Brought to you by Christopher Rake


Sunday, December 15, 2002
11:06 PM

Let's overlook the spelling error in today's Op-Ed by University of Michigan President Mary Sue Coleman because it could have been a copy editor (that's affect, folks, not effect). Coleman defends affirmative action as the Supreme Court approaches two race-discrimination cases brought against that school.

The educational environment we enjoy does not just happen. It comes in part from well-considered admissions practices designed to foster an atmosphere in which old habits of thought are challenged and new questions continually come at us, forcing us to reexamine what we thought we knew well.

More than 50 years of changes in higher education have taught us that the more diverse the academic environment, the more vigorous its discussions...

Coleman is saying this at a time when intellectual diversity on campus is an endangered species, particularly under multicult-obsessed administrations, as shown by credible surveys on the overwhelming liberal tilt of academia and the witch hunts against students and teachers who challenge the status quo. Newspapers are stolen, conservatives are labeled bigots, student organizations that are explicitly Christian are shunned or denied read PostWatch, and, you know the deal.

Recognizing the educational benefits of diversity does not mean that we equate a person's race with a particular point of view. There is no substitute for face-to-face interaction among students from different backgrounds. It is the most powerful educational tool we know to break down stereotypes and overcome assumptions. It helps students see commonalities across racial lines and acknowledge differences within racial groups.

But schools and leftist leaders equate a person's race (or gender) with a particular point of view all the time, which is why Mary Daly was permitted for years to exclude young men from her classes, why Clarence Thomas is branded as a race traitor because of his political philosophy, etc. etc.....

As a scientist, I have observed personally the enormous impact a growth in diversity has had on the sciences. Just think of what a difference it has made in our understanding of disease. Only as the ranks of leading scientists included more women did we focus on some of the serious health problems facing women, including heart disease and breast cancer.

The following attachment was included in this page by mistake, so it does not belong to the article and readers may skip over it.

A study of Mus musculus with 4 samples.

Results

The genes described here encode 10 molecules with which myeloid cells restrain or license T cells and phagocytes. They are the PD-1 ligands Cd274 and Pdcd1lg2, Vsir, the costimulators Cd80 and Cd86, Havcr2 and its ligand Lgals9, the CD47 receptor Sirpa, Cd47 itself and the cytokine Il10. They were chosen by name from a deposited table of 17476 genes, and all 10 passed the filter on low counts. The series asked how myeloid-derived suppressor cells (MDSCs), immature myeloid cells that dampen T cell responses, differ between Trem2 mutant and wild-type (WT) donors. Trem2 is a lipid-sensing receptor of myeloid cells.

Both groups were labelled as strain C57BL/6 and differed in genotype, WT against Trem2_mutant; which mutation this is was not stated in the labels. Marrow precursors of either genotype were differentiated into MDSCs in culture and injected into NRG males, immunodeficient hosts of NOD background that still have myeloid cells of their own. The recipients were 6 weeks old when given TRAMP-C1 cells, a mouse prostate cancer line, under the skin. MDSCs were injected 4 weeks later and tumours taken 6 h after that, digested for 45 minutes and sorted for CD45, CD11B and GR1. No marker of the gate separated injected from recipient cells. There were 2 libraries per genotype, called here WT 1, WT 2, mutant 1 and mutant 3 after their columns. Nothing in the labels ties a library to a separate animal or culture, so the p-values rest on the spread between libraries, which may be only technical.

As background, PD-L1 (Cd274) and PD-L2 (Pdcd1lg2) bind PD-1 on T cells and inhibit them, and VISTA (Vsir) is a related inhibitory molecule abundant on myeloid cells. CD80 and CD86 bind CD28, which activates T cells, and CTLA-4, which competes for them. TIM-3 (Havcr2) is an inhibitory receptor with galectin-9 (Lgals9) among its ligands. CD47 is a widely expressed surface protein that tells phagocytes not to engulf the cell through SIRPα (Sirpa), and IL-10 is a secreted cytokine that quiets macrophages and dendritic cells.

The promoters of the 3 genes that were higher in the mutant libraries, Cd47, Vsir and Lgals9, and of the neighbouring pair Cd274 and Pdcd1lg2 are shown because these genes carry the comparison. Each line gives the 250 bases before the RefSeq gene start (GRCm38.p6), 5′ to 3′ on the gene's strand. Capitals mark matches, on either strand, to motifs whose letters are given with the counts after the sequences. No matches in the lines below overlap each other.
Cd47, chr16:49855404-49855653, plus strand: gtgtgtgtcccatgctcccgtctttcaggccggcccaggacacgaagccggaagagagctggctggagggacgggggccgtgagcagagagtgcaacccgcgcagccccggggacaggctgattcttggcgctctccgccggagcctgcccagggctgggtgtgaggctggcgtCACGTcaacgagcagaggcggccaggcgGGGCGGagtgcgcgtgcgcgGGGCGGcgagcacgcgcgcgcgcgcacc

Women's life expectancy started overtaking men's in the U.S. around the first decade of the last century.I'll get back to you on how many female researchers there were back then...

Now is not the time to turn back the clock on decades of progress in higher education. There is no effective substitute for the consideration of race as one of many factors in our admissions process.

Just one tiny factor that, in one of the Michigan cases before the court, gave black students with comparable academic records hundreds of times a better chance of getting admitted than comparable whites. Hundreds. Hundreds.

Other methods do not allow us to recruit a diverse student body while maintaining our consistently high academic standards.

But Coleman, you're using these black students to fulfill your vision and then throwing them away when they can't graduate. It's been show repeatedly that when students with tough backgrounds or a lousy secondary education attend a second-tier university that fits them, more of them get a degree and get a better start in life.

Our society is more diverse today, yet more segregated along racial lines in many ways than at any time since the Supreme Court's landmark decision in Brown v. Board of Education in 1954

Yes--in some areas--and thanks to the Cult of Multi we have those lovely black student-union dorms, and others for Latinos, and others for still other fragmented identities...Nice work, can't wait to see what you have in mind for the next century.